You'd think I'd have learned, but when my manager sat on my desk at far-too-early in the morning and wiggled her bum, spilling stacks of unnumbered papers onto the floor and into the bin, my hangover told me not to argue with whatever she wanted.
"Darling," she cooed, "I want you."
My hangover retracted its previous statement immediately.
"I think I might be spoken for," I said. I still felt nauseous, and until I'd fished the papers out of the bin -- some of them were probably pages for our Modern Art coffee table book -- I couldn't throw up in it. Again. I suddenly realised that some of the pages might be beyond saving already.
"I want you to produce the next book in the series," she said, running her finger through her moustache. She had a bad experience with hair-removal products once and is happier looking like a gorilla than trying again. "We've have French and German cooking, we can't stop there or we risk upsetting our European market."
"Dutch Cuisine?" I suggested, wondering how well a recipe book that required illegal ingredients would sell.
"No silly, and it would be Netherlandish Cooking anyway. That'll be book six. The next book, obviously, is Italian cooking. I want lots of pasta, lots of pesto, lots of--"
"Piss off?" I suggested under my breath, just as she ran out of alliteration.
"I want you to take this seriously. The French cooking book sold well, the German cooking one is also selling well, so there's a high bar set for you. Do well, and I'll see that you get paid this month."
She launched herself from my desk, which rebounded like a continent reacting to the departure of a glacier only faster. Papers fountained into the air and fluttered to the ground like butterflies caught in a cloud of DDT.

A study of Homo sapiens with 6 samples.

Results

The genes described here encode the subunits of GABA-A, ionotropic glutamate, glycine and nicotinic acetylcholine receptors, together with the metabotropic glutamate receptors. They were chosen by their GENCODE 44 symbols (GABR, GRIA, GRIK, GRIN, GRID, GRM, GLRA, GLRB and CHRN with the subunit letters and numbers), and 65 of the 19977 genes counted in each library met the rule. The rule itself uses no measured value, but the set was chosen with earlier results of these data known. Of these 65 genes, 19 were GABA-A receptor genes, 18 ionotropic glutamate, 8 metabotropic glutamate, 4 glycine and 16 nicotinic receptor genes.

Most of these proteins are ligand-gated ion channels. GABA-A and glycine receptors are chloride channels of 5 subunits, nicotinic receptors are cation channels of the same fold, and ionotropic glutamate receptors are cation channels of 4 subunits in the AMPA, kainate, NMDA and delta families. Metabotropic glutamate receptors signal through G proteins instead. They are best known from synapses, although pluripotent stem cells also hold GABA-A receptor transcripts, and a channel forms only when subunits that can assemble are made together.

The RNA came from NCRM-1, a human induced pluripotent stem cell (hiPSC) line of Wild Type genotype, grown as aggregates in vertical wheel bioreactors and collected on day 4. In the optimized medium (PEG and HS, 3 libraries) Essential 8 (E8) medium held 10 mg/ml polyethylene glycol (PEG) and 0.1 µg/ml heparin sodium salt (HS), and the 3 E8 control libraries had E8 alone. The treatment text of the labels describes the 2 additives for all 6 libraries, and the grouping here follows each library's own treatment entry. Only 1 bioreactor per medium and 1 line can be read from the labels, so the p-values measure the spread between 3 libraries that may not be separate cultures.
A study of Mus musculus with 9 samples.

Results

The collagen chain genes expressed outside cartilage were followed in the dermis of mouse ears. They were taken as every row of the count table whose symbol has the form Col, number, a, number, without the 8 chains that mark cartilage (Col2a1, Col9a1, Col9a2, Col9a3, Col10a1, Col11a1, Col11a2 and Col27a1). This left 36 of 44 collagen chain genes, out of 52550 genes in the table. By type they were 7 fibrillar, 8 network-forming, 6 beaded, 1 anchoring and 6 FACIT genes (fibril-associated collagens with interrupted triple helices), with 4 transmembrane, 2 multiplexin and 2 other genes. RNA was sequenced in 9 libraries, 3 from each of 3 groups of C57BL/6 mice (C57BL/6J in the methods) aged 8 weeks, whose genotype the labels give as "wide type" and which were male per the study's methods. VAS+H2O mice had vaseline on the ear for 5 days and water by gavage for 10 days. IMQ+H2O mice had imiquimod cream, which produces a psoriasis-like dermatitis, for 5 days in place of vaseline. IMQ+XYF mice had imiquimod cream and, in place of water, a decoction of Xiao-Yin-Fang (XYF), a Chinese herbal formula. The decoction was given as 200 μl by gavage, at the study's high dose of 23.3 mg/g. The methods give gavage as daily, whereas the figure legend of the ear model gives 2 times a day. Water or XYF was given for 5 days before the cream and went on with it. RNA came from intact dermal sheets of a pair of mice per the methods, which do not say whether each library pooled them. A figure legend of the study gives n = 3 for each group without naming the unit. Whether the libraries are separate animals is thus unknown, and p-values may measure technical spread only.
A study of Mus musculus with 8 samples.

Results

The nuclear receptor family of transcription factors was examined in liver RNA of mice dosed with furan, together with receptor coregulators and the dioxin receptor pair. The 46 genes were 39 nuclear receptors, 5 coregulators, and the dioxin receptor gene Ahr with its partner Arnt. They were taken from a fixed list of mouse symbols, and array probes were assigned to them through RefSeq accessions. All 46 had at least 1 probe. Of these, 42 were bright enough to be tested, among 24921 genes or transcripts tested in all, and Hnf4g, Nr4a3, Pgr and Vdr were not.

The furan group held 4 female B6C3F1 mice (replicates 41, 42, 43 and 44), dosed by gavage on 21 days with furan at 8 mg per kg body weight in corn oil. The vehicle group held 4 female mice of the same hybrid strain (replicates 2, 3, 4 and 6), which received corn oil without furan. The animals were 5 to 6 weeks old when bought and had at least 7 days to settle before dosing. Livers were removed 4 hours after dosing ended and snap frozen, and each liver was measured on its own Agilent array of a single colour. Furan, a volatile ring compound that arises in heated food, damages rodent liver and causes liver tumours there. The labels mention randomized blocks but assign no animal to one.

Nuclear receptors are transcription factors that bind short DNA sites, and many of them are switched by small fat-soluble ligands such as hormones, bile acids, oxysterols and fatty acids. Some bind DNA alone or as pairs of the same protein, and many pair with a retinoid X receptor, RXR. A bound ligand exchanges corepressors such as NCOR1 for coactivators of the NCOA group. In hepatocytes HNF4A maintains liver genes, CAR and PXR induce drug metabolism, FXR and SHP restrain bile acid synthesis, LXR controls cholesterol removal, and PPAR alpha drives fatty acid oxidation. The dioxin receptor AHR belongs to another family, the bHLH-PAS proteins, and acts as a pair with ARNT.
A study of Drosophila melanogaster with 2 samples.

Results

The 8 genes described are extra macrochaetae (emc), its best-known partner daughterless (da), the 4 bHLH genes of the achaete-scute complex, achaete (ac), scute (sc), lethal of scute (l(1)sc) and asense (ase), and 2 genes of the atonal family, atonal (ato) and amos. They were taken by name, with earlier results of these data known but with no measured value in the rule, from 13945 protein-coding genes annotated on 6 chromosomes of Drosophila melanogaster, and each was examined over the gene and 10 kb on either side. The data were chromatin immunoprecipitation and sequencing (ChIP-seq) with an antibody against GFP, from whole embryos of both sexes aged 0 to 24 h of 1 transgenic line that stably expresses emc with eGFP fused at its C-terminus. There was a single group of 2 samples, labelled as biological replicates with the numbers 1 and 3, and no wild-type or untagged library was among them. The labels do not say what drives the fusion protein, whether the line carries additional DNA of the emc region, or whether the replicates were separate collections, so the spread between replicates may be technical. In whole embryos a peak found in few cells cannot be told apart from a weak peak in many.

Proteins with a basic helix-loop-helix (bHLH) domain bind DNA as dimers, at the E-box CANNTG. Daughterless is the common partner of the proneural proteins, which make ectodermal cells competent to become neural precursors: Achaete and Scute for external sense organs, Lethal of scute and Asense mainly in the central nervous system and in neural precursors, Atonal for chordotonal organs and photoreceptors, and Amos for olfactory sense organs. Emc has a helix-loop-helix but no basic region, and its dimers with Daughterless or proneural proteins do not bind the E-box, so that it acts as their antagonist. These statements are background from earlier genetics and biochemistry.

"Well, get on with it!" she said. "And clean this office up, it looks like a war-zone."
My secretary swears I said "Irritant cookery" when I explained it to him, and I think I might have done. I was hungover after all, and I was probably joking. With a man who's sleeping intermittently with my mother and has less of a sense of humour than most corpses. Which explains why, yet again, I have another horribly inappropriate cookery book sat on my desk. The highlights include Bleach pudding, Nettle soup(which sounds quite edible until the last step where you add eight tablespoons of chili powder) and Lye and potato pie which just might appeal to the four people in the world who like Lutefisk.
"The first two books are selling well," said my secretary matter-of-factly. He was right, bizarrely enough; Trench Cookery had found a market with World War I renaissance societies, and Gerbil Cookery had found acceptance in South America. This one however, looked like it had the potential to kill people.